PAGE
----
Edited by David G. Hartwell
Review by Sam Lubell
Tor Hardcover  ISBN/ITEM#: 9780765316714
Date: 16 October 2007 List Price $24.95 Amazon US / Amazon UK / Show Official Info /

Charles Stross' The Merchants' War is the fourth book in a continuing series, The Merchant Princes that might just as easily been named the Perils of Miriam Worldwalker. In the first book, Miriam Beckstein discovered that people in her family had the ability to travel to a parallel world by looking at a specific pattern. Her family, the medieval version of the mafia, has grown rich and powerful in both worlds, largely by using this worldwalking power to smuggle drugs into the modern world and modern weapons into the medieval one. But people keep trying to kill her, force her into marriage, or otherwise ensnare her in their plots.

By the time the fourth book opens, Miriam, a hereditary Countess in the medieval world has discovered that a long-lost branch of their family had a slightly distorted pattern which took them to an America with 19th century level technology, she set up a business there which the clan took over. In an attempt to get leverage on the leaders of the clan, Miriam used her instincts as an investigative reporter to uncover a scheme to take over a fertility clinic to breed more worldwalkers. However, she is caught while investigating and put under house arrest. Meanwhile, a military-intelligence operation, that includes Miriam's ex-boyfriend, had learned of the drug smuggling and determined that the clan represents a threat to the U.S., especially when a defector says the clan has a nuclear bomb on a one-year timer. They have captured a few Clan members and are forcing them to transport spies into the medieval world.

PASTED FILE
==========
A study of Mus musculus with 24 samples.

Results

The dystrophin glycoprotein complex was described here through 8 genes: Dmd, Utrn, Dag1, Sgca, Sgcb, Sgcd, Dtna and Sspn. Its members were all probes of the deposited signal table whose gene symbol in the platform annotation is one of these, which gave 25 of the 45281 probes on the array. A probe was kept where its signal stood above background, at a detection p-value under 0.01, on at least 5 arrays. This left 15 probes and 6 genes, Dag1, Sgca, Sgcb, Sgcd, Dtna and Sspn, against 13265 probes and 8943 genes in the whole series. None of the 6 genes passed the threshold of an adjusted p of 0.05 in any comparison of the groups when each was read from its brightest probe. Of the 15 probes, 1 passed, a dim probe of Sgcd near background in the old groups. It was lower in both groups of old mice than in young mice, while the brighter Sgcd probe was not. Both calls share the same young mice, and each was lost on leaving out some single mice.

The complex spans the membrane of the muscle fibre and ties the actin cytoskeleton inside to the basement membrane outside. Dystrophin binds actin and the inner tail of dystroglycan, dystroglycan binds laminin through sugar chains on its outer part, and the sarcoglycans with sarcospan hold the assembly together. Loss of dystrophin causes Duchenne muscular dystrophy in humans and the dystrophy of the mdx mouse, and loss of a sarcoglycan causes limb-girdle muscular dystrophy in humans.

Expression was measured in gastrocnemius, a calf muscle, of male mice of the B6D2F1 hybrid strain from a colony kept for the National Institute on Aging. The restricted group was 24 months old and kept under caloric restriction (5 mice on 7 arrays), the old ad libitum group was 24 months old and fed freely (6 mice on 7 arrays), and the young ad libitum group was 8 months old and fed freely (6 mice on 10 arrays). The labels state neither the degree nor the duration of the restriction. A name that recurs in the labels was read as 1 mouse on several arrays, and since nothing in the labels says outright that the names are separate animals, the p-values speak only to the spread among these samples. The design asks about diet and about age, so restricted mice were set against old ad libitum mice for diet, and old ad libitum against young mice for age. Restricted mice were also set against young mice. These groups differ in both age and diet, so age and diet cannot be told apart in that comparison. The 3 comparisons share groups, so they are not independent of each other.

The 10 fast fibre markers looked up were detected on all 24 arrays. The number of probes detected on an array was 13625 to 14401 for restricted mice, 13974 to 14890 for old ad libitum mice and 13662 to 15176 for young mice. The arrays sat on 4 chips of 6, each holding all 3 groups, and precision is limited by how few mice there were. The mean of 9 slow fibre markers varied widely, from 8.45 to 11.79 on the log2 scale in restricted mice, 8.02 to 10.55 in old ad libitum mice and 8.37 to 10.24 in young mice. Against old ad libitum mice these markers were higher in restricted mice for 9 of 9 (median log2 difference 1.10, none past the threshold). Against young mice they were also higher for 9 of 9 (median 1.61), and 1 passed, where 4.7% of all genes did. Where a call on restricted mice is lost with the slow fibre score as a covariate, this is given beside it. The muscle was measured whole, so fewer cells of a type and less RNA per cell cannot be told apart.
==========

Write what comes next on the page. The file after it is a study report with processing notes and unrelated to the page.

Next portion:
The Merchants' War is somewhat less frantic than the previous volumes as most of it is devoted to the fallout from the climax of the last book. Miriam has escaped to the third world where she becomes more entangled in a plot by pro-democratic terrorists. The new king of the medieval world, branding the clan tinkers and witches, declares extensive war, using a mix of medieval and modern weapons. A team of young family members begin experimenting with ways to alter the pattern to travel to other worlds. And, in our world, the government team is trying to find the bomb while Mike, Miriam's boyfriend, becomes the go-between for the progressive movement in the clan with the U.S. government. With all this going on, the focus on Miriam, is much reduced (but after everything that went on in the first three books, she needs a rest.)

These books show that the line between science fiction and fantasy is occasionally more blurry than casual readers would suspect. While these books are marketed as fantasy and the first parallel world was a medieval setting so common to fantasy, there is no magic except for some characters' ability to worldwalk. And from the first book, this has been shown to be genetic, obeying the laws of recessive traits. By the fourth book, the clan has discovered a high tech world, and the U.S. government has discovered a way to send cells into the alternate world using science. One could also make a case in the earlier books that these are science fiction with the science being economics, but by the third book Miriam's efforts to reform the clan's business model has largely died out.

The Merchant Princes is one long continuous story broken up into several volumes for publishing; each book picks up immediately where the previous one left off. So no one should start with The Merchants' War. Fans of alternate history and books where characters from the present wind up in the past or alternate worlds such as the Turtledove/Tarr Household Gods should already be reading this series. Fans of the Roger Zelazny Chronicles of Amber should give this a look too, as Stross has said that they provided some inspiration for this series. But if you are looking for fantasy with magic, or Stross' usual post-singularity science fiction, this is not for you. I recommend giving the first book, The Family Trade, a read and then deciding if this series is your cup of tea.